MotoAmerica: Bagger Test At Daytona Is A Success

MotoAmerica: Bagger Test At Daytona Is A Success

© 2021, Roadracing World Publishing, Inc. By David Swarts.

Three top MotoAmerica King Of The Baggers riders tested Tuesday at Daytona International Speedway (DIS) to see if it is feasible to race 150-plus-horsepower, 630-pound bagger-based racebikes around the high-speed 3.51-mile infield road course, and the test appears to have been a success.

That success opens the possibility that MotoAmerica could run a King Of The Baggers race or races at the World Center of Racing as soon as March,2022, when the organization may also run the 80th Daytona 200.

Screamin’ Eagle Harley-Davidson’s Kyle Wyman (the 2021 MotoAmerica King Of The Baggers Champion); his younger brother and teammate Travis Wyman; and Mission Foods S&S Cycle Indian’s Tyler O’Hara got about three hours of dry track time in between rain showers Tuesday, and based on feedback from the riders, the test went as well as could be imagined.

“It was great,” said O’Hara. “They [DIS personnel] did everything they could to take care of us. They tried to make the track the best it could be. They had the cars driving around and the jet blowers going. They had the Airfence out and everything. It was a good day, very special. It was fun, and it was safe. The weather was hit and miss, but we got some decent laps.”

“These things are fast!” Wyman told “It’s not like the [Harley-Davidson] XR1200s. It’s a lot more like riding a 600 with the g-forces on the banking. Aerodynamics are a big deal. We need to work on ergonomics to be a little more comfortable tucked in, things like that, but it’s not bad. It’s pretty damn fun.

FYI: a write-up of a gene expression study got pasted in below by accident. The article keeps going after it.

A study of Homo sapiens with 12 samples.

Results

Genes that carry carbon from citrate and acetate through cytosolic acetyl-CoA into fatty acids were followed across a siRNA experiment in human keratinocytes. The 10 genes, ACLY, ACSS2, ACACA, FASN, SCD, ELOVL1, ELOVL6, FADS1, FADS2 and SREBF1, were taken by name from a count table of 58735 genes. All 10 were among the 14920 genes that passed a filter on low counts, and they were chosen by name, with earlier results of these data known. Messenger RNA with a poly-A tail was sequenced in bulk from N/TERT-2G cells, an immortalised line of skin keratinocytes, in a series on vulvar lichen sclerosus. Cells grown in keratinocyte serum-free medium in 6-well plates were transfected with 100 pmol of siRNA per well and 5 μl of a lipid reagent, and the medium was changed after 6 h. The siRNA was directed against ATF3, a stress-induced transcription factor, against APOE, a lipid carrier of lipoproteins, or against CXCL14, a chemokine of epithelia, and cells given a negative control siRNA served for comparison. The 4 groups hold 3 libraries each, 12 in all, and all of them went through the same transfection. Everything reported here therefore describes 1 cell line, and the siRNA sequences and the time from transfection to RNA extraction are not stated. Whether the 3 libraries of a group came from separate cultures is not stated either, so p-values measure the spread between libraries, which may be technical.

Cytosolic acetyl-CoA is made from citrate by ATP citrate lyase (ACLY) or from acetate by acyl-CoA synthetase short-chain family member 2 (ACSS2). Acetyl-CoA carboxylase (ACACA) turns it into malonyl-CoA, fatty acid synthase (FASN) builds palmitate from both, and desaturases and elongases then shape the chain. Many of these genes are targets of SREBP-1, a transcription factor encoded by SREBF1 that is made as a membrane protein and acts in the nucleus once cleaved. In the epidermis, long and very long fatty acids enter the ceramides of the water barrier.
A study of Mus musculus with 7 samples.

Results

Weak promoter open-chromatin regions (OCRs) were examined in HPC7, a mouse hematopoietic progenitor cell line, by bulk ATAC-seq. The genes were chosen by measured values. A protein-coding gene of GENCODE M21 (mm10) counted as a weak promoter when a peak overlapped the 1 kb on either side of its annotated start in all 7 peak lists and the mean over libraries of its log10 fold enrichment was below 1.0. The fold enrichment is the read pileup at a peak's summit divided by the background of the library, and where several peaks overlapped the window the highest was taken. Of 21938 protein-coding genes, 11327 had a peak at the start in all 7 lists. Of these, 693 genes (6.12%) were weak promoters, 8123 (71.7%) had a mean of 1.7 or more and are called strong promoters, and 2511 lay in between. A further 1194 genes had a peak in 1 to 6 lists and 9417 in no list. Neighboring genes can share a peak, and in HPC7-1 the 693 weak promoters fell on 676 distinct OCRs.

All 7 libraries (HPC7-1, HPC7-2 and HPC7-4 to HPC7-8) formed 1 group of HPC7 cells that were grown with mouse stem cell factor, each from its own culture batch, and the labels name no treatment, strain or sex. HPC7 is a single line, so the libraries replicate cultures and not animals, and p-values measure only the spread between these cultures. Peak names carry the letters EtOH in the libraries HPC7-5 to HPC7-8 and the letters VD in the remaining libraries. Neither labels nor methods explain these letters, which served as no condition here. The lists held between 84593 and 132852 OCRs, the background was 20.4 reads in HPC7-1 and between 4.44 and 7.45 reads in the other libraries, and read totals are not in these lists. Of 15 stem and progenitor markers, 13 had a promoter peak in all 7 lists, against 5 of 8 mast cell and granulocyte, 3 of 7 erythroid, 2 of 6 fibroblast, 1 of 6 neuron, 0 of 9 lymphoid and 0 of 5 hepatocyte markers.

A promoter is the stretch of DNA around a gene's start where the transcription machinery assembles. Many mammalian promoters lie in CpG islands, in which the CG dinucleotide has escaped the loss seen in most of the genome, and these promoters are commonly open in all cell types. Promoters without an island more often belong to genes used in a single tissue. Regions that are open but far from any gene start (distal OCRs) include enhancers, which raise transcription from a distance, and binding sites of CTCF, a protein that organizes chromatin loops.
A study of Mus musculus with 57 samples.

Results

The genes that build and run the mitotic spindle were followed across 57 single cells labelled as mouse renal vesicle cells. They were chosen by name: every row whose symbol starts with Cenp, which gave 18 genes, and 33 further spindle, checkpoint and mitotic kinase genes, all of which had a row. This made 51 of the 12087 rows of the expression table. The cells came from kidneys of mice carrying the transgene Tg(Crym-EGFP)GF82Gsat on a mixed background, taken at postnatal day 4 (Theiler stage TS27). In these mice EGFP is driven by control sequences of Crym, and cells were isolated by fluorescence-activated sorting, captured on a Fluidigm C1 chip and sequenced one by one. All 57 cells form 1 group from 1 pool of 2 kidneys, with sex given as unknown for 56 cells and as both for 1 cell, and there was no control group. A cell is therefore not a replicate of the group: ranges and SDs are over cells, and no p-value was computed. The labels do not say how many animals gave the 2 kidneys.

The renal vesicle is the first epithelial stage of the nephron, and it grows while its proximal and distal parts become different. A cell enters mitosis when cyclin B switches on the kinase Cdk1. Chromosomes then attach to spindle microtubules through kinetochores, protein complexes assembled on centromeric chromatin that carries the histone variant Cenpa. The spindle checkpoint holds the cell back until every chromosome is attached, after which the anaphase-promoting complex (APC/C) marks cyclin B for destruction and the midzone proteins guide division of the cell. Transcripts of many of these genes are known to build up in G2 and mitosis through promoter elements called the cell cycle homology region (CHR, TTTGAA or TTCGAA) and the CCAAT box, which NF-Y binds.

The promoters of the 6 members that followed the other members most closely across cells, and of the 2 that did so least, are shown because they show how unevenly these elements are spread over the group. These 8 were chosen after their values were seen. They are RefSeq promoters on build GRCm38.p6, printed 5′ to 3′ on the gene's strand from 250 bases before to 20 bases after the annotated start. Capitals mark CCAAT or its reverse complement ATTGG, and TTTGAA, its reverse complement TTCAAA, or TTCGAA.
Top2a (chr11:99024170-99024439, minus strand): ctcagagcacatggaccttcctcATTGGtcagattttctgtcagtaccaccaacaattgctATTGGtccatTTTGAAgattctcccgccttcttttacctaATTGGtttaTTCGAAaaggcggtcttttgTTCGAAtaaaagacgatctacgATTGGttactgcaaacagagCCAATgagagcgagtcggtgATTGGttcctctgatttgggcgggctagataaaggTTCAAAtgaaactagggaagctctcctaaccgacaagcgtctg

“I think I did a 1:58.3. I think my brother did a 1:57. We’re just kind of getting rolling, you know? The first hour there were still some damp patches, and the track was super green. It would get real dusty. If you got behind somebody they were kicking up dirt everywhere. I think we’ll see 1:55s here, if there’s a race.”

Asked if he and his brother/teammate worked together to see how their baggers would handle a drafting situation, Kyle Wyman said, “Yeah, a little bit. It was normal. If a 600 got into a bagger’s draft it would feel different, but a bagger in a bagger’s draft, they’re both punching the same size hole. There’s nothing unstable about it. It’s just the normal stuff. That was one of the questions, too, because I think we’re in the 160 mph range on our own. Gearing has been the biggest thing, what gears to shoot for and where to try and maximize what the bike does. But it does feel like we’re reaching terminal velocity with the fairing.”


Kyle Wyman (left) working with Dunlop tire engineer Tony Romo (right) on pit lane at Daytona International Speedway. Photo courtesy Kyle Wyman.
Kyle Wyman (left) working with Dunlop tire engineer Tony Romo (right) on pit lane at Daytona International Speedway. Photo courtesy Kyle Wyman.


The biggest question, and the purpose of the test, was how the tires would stand up to the heat the weight and speed of the bagger racebikes created on the steeply banked sections. Kyle Wyman said, “There were no [tire] issues at all. They’re hanging in there just fine. Everything we tried is Daytona-specific, nothing standard, all fronts and rears that Dunlop typically runs at Daytona.”

“We got to run through a couple of different tires and compounds,” said O’Hara. “I did the most laps out of anybody, which was my goal. Other than it starting to rain during your session, which happened a couple of times, it was good.”

So, is it viable to race bagger-based racebikes at Daytona International Speedway?

“My answer is yes, for sure,” said Kyle Wyman.

“I think it’s safe enough,” said O’Hara.